Author Dr Leslie Bell adds to concerns facing liberated, educated young women
Twentysomething women are the most liberated and educated women ever. Freed from the economic, social and biological pressure to marry and reproduce in their 20s, they are achieving more academically and professionally than any previous generation.
But, according to a book by a doctor and self-declared feminist, such women are also more “confused, conflicted and uncertain” about what they want from sex and relationships than their mothers or grandmothers.
“They have trouble letting down their guard, difficulty being vulnerable and expressing their needs, and, despite their professed desire for satisfying sex and relationships, they put a great deal of energy into protecting themselves from getting hurt,” says Dr Leslie Bell, a psychotherapist who specialises in treating young women. She is the author of Hard to Get, published this month.
She says the lives of these women, unencumbered by marriage, motherhood and their attendant responsibilities and limitations, may look free and easy. “Digging under the surface of this life, however, the freedom characterising young women’s lives is paradoxical. While have tremendous opportunities to be independent and to pursue their education, careers and sexual and personal development, they receive little guidance in how to navigate the desires, vulnerabilities and internal conflicts that accompany these freedoms. “These young women didn’t feel empowered or like they live on top of the world,” says Bell. “Instead, they feel adrift and lost by the paradox of sexual freedom.”
Marriage and motherhood used to mark the transition to adulthood for women – highly educated or not. Now, with the average age of girls’ first sexual intercourse at 16, they have years of sexual activity before they either marry or have children: the average age for both is about 30.
Instead of spending these years exploring their opportunities, young women struggle to unravel conflicting messages: in the 90s, “girl power” put the emphasis on self-reliance, ambition and assertiveness – books, including The Rules, taught them to pretend to be independent to get into a relationship; by 2009, books such as He’s Just Not That Into You told them to stop being so needy.
When these women hit their 20s, they were encouraged to “live it up” and not necessarily be serious about relationships, at the same time being told they should be ready to marry and start thinking about having children by the age of 30. In 2007, Laura Sessions Stepp in Unhooked and Wendy Shalit in A Return to Modesty (1999) advised them to abandon their freedom and return to courtship practices from the early 1900s. Then the 2008 bestseller Marry Him advised the same young women to grab any man who was “good enough” and keep him.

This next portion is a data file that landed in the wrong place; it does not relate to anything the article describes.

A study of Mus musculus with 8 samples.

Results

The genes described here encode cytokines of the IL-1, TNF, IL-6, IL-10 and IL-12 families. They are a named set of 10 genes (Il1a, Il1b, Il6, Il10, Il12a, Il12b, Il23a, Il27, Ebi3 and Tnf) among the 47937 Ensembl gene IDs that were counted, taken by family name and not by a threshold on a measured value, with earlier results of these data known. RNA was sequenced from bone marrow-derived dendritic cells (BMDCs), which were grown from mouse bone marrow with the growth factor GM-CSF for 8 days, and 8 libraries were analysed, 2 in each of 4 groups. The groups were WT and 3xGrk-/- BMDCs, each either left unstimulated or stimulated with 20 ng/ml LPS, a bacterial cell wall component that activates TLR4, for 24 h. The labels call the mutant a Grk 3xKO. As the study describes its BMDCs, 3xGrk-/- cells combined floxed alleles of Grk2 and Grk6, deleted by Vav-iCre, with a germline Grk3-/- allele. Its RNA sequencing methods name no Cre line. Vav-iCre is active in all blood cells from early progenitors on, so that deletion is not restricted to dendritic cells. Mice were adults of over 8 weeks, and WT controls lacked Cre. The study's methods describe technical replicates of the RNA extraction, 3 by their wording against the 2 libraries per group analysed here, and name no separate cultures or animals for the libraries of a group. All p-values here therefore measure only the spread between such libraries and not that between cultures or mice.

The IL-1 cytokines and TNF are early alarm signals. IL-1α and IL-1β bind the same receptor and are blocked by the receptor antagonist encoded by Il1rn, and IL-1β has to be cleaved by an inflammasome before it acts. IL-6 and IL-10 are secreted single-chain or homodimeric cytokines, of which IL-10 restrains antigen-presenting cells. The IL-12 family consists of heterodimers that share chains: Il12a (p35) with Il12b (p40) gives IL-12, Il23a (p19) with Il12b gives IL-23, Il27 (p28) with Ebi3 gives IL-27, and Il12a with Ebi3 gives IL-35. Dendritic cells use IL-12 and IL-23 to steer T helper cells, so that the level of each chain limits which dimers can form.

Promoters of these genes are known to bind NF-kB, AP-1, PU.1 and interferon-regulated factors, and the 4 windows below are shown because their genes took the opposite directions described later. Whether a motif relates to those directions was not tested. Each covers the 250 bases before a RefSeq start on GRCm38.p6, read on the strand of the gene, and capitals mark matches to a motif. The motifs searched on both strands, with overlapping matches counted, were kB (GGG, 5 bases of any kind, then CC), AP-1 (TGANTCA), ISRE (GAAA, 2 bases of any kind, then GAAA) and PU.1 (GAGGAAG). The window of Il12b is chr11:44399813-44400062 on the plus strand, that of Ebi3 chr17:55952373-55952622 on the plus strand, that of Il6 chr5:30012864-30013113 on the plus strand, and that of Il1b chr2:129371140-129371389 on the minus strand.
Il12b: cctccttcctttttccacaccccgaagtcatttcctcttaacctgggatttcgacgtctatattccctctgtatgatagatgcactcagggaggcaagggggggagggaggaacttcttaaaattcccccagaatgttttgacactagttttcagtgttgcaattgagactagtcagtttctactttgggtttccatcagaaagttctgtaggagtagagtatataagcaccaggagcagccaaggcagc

“These contradictory directives leave young women in a bind, and without much help in figuring out what they actually want,” says Bell. “Every piece of ‘modern’ advice about maintaining independence and using their 20s to explore and experiment sexually is layered over a piece of ‘old-fashioned’ advice about getting married before it’s ‘too late’, not being too assertive or passionate in sex, and not being too sexually experienced. This sort of advice means that young women often struggle to admit that they need a man.”
Bell interviewed more than 60 women in depth and found that they were trying – and failing – to pursue strategies in their relationships that had been successful in school and work.
“While they have plenty of training in how to be successful and in control of their careers, young women have little help or training, apart from the self-help aisle in their local bookstore, in how to manage these freedoms, mixed messages and their own desires to get what they want from sex and love,” she said.
Bell says that it has become increasingly unclear in recent years what it means to be a liberated woman. Is work a liberating experience? Is sex an empowering experience – and, if so, under what conditions? Is it restrictive to dress and act in traditionally feminine ways? Are relationships an important part of a woman’s life or should they take a backseat to work?
Bell is not alone in her identification of girls as a cause for concern. Shalit, also author of The Good Girl Revolution, says: “Society’s new expectation that girls be jaded and ‘bad’ is actually a much more oppressive script than the old expectation that girls be good. Adults are advocating the bitch as an empowering ideal. Young women are both damaged by this new ideal and increasingly at odds with it.”
Professor Steve Biddulph, a child development specialist and author of bestselling books about the challenges faced by boys in modern society, recently turned his sights on girls. His Raising Girls, is also published this month. “I have been starting to get worried about girls recently,” he says. “Girls used to be doing fine but have recently started to have much more trouble deciding who they are.
“It was an awakening for me. I was very clear that there was a boy-catastrophe unfolding. Part of what I assumed was that girls were doing fine, but about five to six years ago we started getting research and statistics coming in from around the world that girls were, in fact, the ones in trouble.”